Inspite of the fact that some ISIS militants have been forced out of the Syrian town of Kobani as a result of airstrikes by U.S and coalition forces, the border town might still fall to the extremists, fears the Pentagon.

“Kobani could be taken. We recognize that,” Rear Adm. John Kirby, the Pentagon press secretary, told reporters. “We’re doing everything we can from the air to try to halt the momentum of ISIL against that town,” he added, using a common acronym for the Islamic State group. “Air power is not going to be alone enough to save that city.”


Kirby further added that other towns were also at risk. There were airstrikes at six locations around Kobani, and others earlier this week. He says there are mixed reports about how many Islamic State militants pulled back.

Kirby said Pentagon officials are not planning to ask President Barack Obama to commit ground forces to the fight inside Syria. The U.S. and partner countries, including Jordan, Saudi Arabia and the United Arab Emirates, have been bombing Islamic State targets in Syria under Obama’s order to degrade and destroy the group. But administration officials have cautioned that the going will be slow.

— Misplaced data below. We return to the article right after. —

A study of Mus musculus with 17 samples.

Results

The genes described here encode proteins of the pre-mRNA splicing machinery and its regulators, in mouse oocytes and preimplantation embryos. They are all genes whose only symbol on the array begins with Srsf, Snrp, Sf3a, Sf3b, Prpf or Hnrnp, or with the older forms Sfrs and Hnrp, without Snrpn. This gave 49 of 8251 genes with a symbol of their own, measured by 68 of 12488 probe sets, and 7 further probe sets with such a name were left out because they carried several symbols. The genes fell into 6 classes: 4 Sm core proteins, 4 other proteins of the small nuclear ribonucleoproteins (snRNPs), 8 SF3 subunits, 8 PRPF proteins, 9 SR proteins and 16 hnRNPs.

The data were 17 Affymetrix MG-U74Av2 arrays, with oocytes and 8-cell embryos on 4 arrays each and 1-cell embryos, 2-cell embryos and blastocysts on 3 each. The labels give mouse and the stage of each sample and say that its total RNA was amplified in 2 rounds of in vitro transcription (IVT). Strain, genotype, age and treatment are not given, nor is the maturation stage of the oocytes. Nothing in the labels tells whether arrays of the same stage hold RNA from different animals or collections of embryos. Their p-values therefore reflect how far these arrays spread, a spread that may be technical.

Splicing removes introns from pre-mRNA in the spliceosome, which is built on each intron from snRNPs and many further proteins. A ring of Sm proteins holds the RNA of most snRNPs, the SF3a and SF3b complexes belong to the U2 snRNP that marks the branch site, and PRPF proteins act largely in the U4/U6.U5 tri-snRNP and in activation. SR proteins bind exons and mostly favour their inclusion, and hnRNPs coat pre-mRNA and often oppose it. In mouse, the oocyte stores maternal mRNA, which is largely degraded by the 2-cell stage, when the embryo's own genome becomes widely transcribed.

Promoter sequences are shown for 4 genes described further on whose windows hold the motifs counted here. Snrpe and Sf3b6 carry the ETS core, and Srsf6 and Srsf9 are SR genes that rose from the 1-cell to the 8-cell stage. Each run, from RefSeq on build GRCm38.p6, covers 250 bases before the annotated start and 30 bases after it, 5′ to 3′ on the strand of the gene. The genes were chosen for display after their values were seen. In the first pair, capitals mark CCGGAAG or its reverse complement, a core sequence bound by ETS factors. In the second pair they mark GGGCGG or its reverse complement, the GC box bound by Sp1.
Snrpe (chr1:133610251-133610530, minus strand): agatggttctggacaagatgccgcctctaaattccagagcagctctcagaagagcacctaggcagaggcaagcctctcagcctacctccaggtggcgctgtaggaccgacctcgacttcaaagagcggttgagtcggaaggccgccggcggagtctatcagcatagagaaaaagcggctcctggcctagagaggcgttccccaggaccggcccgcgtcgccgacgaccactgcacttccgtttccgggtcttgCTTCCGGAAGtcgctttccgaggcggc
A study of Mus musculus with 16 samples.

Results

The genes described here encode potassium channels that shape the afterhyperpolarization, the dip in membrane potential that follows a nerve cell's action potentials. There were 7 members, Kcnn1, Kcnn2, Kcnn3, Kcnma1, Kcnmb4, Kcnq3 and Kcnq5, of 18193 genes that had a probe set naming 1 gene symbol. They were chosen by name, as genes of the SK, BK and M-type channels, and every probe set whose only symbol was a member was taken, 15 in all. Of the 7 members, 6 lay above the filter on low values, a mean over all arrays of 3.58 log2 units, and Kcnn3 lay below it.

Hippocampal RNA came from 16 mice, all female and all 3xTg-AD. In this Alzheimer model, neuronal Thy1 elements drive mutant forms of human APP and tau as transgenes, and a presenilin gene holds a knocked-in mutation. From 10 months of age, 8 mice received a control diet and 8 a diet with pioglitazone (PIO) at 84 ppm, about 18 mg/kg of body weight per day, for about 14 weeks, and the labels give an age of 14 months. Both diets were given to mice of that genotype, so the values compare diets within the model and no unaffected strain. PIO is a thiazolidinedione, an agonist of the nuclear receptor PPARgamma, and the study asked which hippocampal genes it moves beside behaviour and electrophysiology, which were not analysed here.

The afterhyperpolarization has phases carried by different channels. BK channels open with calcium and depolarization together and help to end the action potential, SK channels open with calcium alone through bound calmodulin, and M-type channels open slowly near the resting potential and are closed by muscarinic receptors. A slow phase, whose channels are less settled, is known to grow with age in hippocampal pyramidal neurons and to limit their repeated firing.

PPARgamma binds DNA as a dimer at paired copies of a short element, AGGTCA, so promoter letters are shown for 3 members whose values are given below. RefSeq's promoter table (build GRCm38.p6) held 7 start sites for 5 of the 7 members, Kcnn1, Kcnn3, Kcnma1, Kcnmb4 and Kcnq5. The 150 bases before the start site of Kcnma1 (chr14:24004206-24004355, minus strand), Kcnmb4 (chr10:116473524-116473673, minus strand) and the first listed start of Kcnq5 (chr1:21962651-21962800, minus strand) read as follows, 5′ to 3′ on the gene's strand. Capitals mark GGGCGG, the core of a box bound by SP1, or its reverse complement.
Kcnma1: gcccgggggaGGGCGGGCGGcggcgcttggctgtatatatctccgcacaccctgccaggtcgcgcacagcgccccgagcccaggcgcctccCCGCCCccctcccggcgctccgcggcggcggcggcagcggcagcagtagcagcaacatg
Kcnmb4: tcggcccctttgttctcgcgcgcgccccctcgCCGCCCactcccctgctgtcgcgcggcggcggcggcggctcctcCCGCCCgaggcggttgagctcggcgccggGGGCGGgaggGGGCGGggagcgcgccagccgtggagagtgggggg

“We all need to prepare ourselves for the reality that other towns and villages — and perhaps Kobani — will be taken by ISIL,” Kirby said, adding that the key to eventually defeating the militants is to train and enable indigenous ground forces.

“We don’t have a force inside Syria that we can cooperate with and work with,” Kirby said. That is why the administration is planning to train and arm 5,000 moderate opposition Syrian fighters at sites elsewhere in the Middle East and then insert them back into Syria to take on Islamic State forces, Kirby said.

After two months, the US-led aerial campaign in Iraq has hardly dented the core of the Islamic State of Iraq and the Levant’s (ISIL) territory. The extremist fighters have melted into urban areas when needed to elude the threat, and they have even succeeded in taking new territory from an Iraqi army that still buckles in the face of militants.